How does this quote from George Orwell's Animal Farm show the major concerns of the text as a whole? From chapter 8: At the foot of the end wall of the big barn, where the Seven Commandments were...

How does this quote from George Orwell's Animal Farm show the major concerns of the text as a whole?

From chapter 8: At the foot of the end wall of the big barn, where the Seven Commandments were written, there lay a ladder broken in two pieces. Squealer, temporarily stunned, was sprawling beside it, and near at hand there lay a lantern, a paint-brush, and an overturned pot of white paint. The dogs immediately made a ring round Squealer, and escorted him back to the farmhouse as soon as he was able to walk. None of the animals could
form any idea as to what this meant, except old Benjamin, who nodded his muzzle with a knowing air, and seemed to understand, but would say nothing.



About this time there occurred a strange incident which hardly anyone was able to understand. One night at about twelve o'clock there was a loud crash in the yard, and the animals rushed out of their stalls. It was a moonlit night. At the foot of the end wall of the big barn, where the Seven Commandments were written, there lay a ladder broken in two pieces. Squealer, temporarily stunned, was sprawling beside it, and near at hand there lay a lantern, a paint-brush, and an overturned pot of white paint. The dogs immediately made a ring round Squealer, and escorted him back to the farmhouse as soon as he was able to walk. None of the animals could form any idea as to what this meant, except old Benjamin, who nodded his muzzle with a knowing air, and seemed to understand, but would say nothing.

First is the issue of the Seven Commandments. They are slowly changing, and as they do the animals' lives (except for the pigs', of course) are changing too--for the worse. This deterioration is clear in the next paragraph:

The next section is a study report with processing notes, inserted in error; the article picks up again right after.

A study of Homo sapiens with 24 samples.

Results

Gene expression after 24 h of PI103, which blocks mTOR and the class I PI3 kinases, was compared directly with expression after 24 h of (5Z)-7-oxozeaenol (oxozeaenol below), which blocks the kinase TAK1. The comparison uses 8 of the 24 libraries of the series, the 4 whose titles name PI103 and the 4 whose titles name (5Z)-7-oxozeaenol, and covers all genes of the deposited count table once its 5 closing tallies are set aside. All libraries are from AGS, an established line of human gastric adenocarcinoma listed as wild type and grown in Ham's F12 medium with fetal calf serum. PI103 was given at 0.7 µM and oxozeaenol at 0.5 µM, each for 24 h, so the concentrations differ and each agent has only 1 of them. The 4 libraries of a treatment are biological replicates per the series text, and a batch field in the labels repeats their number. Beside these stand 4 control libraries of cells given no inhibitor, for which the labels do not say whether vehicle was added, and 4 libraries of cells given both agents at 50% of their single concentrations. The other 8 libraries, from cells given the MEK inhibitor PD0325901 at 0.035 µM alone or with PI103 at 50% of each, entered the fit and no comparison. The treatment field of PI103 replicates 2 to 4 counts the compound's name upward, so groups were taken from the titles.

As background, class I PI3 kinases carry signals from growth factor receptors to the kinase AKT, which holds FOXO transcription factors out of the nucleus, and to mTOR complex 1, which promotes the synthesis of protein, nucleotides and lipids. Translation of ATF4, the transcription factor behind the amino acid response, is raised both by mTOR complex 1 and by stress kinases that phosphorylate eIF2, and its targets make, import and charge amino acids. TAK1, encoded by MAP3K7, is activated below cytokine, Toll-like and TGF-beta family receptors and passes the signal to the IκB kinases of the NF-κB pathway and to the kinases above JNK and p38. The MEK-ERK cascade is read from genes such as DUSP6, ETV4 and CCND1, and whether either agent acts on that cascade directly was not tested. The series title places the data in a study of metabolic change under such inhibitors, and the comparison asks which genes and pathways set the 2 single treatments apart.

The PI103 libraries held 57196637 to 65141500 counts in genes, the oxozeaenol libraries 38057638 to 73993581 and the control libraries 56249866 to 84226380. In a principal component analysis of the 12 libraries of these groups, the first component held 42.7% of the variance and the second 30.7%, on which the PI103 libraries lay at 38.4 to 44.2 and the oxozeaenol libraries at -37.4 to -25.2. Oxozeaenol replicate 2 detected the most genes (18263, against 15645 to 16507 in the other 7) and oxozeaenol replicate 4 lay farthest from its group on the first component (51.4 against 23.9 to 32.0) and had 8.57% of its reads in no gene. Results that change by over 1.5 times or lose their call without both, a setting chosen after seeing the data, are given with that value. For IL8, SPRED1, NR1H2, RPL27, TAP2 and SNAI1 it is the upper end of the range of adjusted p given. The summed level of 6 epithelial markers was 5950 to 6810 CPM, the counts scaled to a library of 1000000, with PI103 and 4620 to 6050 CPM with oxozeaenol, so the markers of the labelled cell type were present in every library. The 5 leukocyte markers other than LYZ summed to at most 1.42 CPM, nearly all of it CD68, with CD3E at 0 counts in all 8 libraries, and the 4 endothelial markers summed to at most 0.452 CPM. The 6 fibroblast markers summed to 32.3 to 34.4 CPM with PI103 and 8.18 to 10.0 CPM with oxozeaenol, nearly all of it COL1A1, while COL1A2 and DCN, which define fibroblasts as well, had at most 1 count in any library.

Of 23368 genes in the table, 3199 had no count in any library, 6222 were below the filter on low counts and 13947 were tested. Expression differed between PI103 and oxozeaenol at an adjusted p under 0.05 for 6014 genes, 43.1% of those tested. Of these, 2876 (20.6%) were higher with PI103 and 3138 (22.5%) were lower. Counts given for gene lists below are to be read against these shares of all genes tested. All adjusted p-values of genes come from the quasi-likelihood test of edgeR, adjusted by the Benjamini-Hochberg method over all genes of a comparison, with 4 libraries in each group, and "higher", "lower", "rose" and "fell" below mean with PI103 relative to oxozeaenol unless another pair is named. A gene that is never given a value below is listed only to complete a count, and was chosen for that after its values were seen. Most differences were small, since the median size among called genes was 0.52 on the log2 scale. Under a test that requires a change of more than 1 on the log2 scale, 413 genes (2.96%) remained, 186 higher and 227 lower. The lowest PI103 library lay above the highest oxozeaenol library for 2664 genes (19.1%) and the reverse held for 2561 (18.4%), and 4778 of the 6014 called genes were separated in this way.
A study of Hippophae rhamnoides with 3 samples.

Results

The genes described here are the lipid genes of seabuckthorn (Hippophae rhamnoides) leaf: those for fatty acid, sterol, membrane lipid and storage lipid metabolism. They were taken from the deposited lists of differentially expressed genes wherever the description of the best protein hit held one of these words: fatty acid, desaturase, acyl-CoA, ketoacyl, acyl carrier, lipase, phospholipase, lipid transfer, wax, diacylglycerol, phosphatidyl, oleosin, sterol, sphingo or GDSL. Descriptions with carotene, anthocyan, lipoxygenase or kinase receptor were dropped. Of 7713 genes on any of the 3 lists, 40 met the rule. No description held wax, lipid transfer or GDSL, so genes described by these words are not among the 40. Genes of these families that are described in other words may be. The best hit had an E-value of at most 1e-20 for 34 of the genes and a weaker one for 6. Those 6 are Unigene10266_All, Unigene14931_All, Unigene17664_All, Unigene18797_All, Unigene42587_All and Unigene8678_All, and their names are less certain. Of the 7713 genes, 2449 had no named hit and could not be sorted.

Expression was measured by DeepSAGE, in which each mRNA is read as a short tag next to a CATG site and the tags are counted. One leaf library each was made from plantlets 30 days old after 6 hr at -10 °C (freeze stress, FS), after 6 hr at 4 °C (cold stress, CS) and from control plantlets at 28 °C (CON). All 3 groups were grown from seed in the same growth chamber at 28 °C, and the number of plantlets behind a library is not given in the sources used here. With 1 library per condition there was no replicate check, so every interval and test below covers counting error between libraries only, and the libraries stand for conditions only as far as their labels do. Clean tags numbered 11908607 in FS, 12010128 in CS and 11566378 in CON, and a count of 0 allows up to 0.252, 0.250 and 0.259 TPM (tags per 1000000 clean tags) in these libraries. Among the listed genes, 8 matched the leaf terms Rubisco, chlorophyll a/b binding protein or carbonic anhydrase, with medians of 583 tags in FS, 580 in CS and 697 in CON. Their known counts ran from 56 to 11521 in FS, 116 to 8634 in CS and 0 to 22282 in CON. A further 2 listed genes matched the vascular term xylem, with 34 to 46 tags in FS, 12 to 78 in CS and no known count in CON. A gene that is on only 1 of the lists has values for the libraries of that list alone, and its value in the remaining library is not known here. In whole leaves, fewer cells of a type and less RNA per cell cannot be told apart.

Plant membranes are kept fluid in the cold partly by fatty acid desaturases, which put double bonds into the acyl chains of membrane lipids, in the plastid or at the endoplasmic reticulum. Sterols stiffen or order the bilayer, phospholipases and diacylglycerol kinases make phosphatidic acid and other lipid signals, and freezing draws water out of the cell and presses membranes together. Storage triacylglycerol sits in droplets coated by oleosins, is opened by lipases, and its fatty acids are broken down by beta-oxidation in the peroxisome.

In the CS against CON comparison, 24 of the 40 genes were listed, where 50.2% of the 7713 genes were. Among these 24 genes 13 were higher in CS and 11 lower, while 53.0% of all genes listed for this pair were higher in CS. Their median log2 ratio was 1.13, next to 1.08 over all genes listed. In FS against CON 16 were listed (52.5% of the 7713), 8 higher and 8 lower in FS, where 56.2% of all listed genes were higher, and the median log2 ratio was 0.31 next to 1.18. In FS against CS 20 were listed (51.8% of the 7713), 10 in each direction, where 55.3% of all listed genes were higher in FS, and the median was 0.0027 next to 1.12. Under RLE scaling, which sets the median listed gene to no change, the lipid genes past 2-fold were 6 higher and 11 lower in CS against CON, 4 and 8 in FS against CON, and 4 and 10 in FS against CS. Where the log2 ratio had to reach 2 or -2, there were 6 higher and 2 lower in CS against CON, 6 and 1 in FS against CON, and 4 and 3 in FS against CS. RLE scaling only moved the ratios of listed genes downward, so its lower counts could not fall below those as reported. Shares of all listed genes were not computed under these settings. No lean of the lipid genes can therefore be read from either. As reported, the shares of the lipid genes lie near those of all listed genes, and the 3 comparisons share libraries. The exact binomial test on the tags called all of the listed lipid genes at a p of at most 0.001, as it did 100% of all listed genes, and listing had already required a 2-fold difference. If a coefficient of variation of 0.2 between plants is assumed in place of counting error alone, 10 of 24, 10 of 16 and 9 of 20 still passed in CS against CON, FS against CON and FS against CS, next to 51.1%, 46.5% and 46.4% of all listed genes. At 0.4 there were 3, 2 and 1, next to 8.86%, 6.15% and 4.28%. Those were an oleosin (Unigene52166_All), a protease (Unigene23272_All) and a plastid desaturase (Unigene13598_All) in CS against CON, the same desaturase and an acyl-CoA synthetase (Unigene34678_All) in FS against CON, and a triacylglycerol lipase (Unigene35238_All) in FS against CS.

But a few days later Muriel, reading over the Seven Commandments to herself, noticed that there was yet another of them which the animals had remembered wrong. They had thought the Fifth Commandment was ‘No animal shall drink alcohol,’ but there were two words that they had forgotten. Actually the Commandment read: ‘No animal shall drink alcohol to excess.’

Squealer (and the other pigs) had been celebrating a little too much, so Snowball was unsteady as he rewrote yet another commandment.

Second is the fact that the pigs are constantly becoming more like man, adopting his vices and living as he does. Squealer's drunkenness is symbolic of all of the pigs and their behavior. Of course, at the end of the novel, the pigs become men.

Third is the presence of the dogs. When Squealer went out to the the barn, all the animals were asleep, He could have changed anything and no one would have known it; only when he started crashing around did the animals appear in a kind of sleepy confusion. So why were the dogs with him? They were there to protect Snowball from the other animals. This is a simple reminder that there is a constant enforcement presence on the farm. The dogs are symbolic of an undercurrent of threat and violence for the animals on the farm.

Finally, the animals do not even notice the change for a few days. Your quote shows Benjamin understanding everything on the night it happens; he knows (thus his nodding head) but he does not speak. Muriel notices the changed commandment later but is not sure about what she is seeing, and the other animals do not even know how to read. It is no wonder Napoleon and the pigs rule them.

These four things are all indicative of the major issues in the story which allow the pigs to rule the farm with impunity.